Following a slow start, U.S. physician groups have significantly accelerated their adoption of a key federal program aimed at improving the care of Medicare patients with chronic disease, while they remain relatively in the dark about the details of the 2015 law that the program has come to support.
Forty-one percent of physician groups have launched a Chronic Care Management (CCM) program that meets the requirements for reimbursement by the Centers for Medicare and Medicaid Management (CMS), according to a national survey by Smartlink Health Solutions (formerly Smartlink Mobile Systems), a provider of value-based healthcare technology solutions. The online survey tracked the responses of 438 physicians, practice managers, and health system executives who were asked about MACRA and strategies like CCM that can help them meet MACRA’s requirements.
The survey’s findings should be reassuring for CMS, which launched an education initiative in March to education both physician groups and Medicare beneficiaries on the CCM program. The CCM program is an ambitious effort, launched shortly before the passage of MACRA, to curb the cost of caring for the 34.4 million Americans with two or more chronic diseases such as heart disease and diabetes. Improving care management for poly-chronic patients is a critical facet of the transformation to value based payment models such as MACRA.
The CCM program pays providers a monthly fee for historically unreimbursed services: non-face-to-face patient care between office visits such as coordinating with other health care professionals. The program can potentially increase revenue for participating physicians by having qualified healthcare professionals spend at least 20 minutes per month monitoring patients diagnosed with two or more chronic conditions. CMS hopes the program will significantly improve the quality of life for patients struggling to self-manage their chronic conditions between episodes and to reduce high hospital readmission rates.
Other key findings from the survey include:
– Forty-seven percent of respondents said they don’t know which of MACRA’s two payment tracks they will fall under, indicating that most are still trying to figure out the ins and outs of the program.
– Of those who said they will fall under MACRA’s “MIPS” payment track, a larger percentage than expected (47%) reported that they plan to participate in the program for the entire year in 2017. Only 14 percent of respondents said they will report MACRA at the minimum level, which CMS calls the “Test Pace.”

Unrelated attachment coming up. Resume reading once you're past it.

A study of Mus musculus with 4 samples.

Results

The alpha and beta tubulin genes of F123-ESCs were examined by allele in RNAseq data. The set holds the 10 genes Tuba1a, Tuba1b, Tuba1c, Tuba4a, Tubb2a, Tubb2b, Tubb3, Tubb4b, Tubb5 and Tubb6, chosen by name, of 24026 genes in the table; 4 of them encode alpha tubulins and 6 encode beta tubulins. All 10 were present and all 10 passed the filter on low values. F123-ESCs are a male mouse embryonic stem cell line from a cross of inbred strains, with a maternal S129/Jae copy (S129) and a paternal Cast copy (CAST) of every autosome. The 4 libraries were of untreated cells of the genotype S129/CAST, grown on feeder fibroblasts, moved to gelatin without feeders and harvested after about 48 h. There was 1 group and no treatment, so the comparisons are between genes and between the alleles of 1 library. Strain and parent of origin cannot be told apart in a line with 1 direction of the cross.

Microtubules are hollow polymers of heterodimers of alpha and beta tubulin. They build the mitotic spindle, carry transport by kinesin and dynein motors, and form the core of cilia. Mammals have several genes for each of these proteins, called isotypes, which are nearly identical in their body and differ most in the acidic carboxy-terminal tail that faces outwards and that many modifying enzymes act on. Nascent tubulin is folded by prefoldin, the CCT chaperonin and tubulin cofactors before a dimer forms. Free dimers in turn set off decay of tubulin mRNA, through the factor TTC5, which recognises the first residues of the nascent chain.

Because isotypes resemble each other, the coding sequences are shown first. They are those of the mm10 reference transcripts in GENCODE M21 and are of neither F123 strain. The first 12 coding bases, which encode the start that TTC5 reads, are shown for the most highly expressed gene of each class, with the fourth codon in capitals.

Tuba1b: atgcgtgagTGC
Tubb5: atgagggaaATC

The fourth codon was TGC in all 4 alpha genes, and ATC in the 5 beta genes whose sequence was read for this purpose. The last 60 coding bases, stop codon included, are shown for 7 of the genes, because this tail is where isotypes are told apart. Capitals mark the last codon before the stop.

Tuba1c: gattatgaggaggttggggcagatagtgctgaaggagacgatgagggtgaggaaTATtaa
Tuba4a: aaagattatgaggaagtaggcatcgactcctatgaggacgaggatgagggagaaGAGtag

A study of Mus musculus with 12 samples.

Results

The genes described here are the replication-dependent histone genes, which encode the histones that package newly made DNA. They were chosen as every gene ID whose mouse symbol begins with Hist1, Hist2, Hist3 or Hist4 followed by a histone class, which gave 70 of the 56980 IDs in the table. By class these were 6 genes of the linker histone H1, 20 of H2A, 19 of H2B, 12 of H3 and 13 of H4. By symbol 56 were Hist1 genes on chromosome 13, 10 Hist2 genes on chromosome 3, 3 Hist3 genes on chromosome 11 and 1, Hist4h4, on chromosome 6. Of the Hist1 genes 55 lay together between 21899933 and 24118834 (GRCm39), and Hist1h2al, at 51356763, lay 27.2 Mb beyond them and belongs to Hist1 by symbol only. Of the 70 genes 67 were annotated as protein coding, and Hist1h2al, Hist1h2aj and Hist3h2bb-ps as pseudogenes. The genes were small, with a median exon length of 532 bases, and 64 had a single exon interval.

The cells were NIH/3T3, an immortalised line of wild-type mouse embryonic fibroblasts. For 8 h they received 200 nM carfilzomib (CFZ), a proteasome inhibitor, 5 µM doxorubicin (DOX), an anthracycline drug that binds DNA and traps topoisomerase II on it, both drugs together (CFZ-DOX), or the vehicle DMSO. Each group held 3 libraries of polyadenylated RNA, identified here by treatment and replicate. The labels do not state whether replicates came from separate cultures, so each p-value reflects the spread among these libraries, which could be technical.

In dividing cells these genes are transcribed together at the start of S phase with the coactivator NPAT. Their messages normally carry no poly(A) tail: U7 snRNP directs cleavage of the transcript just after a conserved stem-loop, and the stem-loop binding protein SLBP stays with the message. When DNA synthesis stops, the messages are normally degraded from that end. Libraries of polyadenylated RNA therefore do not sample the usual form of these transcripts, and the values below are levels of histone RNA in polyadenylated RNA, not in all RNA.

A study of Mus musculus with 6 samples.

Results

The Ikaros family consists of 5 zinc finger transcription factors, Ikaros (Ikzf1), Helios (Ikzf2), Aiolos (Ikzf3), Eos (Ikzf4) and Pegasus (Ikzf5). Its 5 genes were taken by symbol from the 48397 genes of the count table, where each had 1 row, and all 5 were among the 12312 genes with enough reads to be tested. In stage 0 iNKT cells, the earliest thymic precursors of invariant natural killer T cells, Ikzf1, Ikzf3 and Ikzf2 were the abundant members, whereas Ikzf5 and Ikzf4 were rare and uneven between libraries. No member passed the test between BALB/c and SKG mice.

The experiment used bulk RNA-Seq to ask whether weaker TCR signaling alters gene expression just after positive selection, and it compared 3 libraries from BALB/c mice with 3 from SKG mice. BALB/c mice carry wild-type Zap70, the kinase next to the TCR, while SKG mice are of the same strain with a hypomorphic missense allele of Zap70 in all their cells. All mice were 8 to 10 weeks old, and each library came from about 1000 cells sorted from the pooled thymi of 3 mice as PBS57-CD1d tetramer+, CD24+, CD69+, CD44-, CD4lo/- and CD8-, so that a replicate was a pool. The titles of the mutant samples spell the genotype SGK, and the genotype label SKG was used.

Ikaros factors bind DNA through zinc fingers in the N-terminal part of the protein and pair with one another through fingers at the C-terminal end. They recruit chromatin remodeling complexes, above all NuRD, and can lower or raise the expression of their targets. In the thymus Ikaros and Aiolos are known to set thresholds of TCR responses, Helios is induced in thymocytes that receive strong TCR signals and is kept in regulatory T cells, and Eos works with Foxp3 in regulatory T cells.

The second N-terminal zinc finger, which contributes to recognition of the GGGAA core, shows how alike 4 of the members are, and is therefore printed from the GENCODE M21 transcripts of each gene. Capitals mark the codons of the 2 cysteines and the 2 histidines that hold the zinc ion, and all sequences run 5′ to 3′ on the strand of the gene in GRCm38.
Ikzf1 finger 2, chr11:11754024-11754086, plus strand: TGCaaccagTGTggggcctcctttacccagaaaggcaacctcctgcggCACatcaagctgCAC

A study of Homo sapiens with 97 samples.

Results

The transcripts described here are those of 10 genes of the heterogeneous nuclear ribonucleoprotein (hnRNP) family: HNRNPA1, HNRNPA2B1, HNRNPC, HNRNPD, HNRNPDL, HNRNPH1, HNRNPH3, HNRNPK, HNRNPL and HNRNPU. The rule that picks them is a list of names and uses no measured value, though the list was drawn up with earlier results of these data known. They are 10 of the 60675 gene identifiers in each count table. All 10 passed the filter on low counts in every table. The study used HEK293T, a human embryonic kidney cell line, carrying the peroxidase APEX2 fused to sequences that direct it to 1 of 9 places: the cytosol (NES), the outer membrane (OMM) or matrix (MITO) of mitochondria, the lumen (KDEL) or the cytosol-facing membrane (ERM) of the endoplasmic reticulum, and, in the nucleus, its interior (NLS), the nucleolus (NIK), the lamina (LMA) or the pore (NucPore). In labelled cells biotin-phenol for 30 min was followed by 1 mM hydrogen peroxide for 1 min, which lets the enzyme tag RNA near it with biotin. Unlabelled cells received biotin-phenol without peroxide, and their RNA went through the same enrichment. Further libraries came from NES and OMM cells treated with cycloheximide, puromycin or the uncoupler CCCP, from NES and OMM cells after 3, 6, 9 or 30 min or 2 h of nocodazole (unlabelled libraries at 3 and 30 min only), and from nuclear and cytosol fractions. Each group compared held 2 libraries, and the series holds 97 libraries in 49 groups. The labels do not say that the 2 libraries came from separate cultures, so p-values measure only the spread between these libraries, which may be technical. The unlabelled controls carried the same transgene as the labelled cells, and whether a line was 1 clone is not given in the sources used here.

– Nearly half of responding physician groups that fully outsource their CCM programs (46%) said they consistently bill 80-100% of their enrolled Medicare beneficiaries. By contrast, only 7 percent of groups that use their own staff to provide CCM services reported consistently billing 80-100% of enrolled beneficiaries.
– Physician groups that participate in Accountable Care Organizations (ACOs) are more likely to have rolled out a CCM program (46%) than those in independent practice (41%) or non-ACO employed providers (34%). Adoption of CCM is highest among providers in large groups of 20 or more physicians; a turnaround from 2015 when groups of 6-10 physicians led in adoption.
– Nearly all respondents (94%) say they provide Annual Wellness Visit (AWV) check-ups for their Medicare patients. The visits are the most common way for patients to learn about and be enrolled in a chronic care management program. However only 1 in 10 respondents provide the visits for more than 80 percent of their patients; 44 percent are providing Annual Wellness Visits to fewer than 40 percent of their Medicare patients. Physician groups that participate in Accountable Care Organizations (ACOs) provide the wellness visits to a higher percentage of their patients than independent or employed providers.
“MACRA has created a national competitive dynamic that wasn’t there before. Winners in this new healthcare payment era will be those that act quickly to manage both short-term and long-term patient outcomes effectively, while leveraging insurer incentives to achieve better care,” said Siu Tong, CEO, Smartlink Health in a statement. “High ROI government initiatives such as CCM and AWV are key variables in the value equation. The survey data bears out that while the market is now recognizing the importance of these programs, most clinics lack the resources and expertise to deploy them at a scale that will optimize the impact.”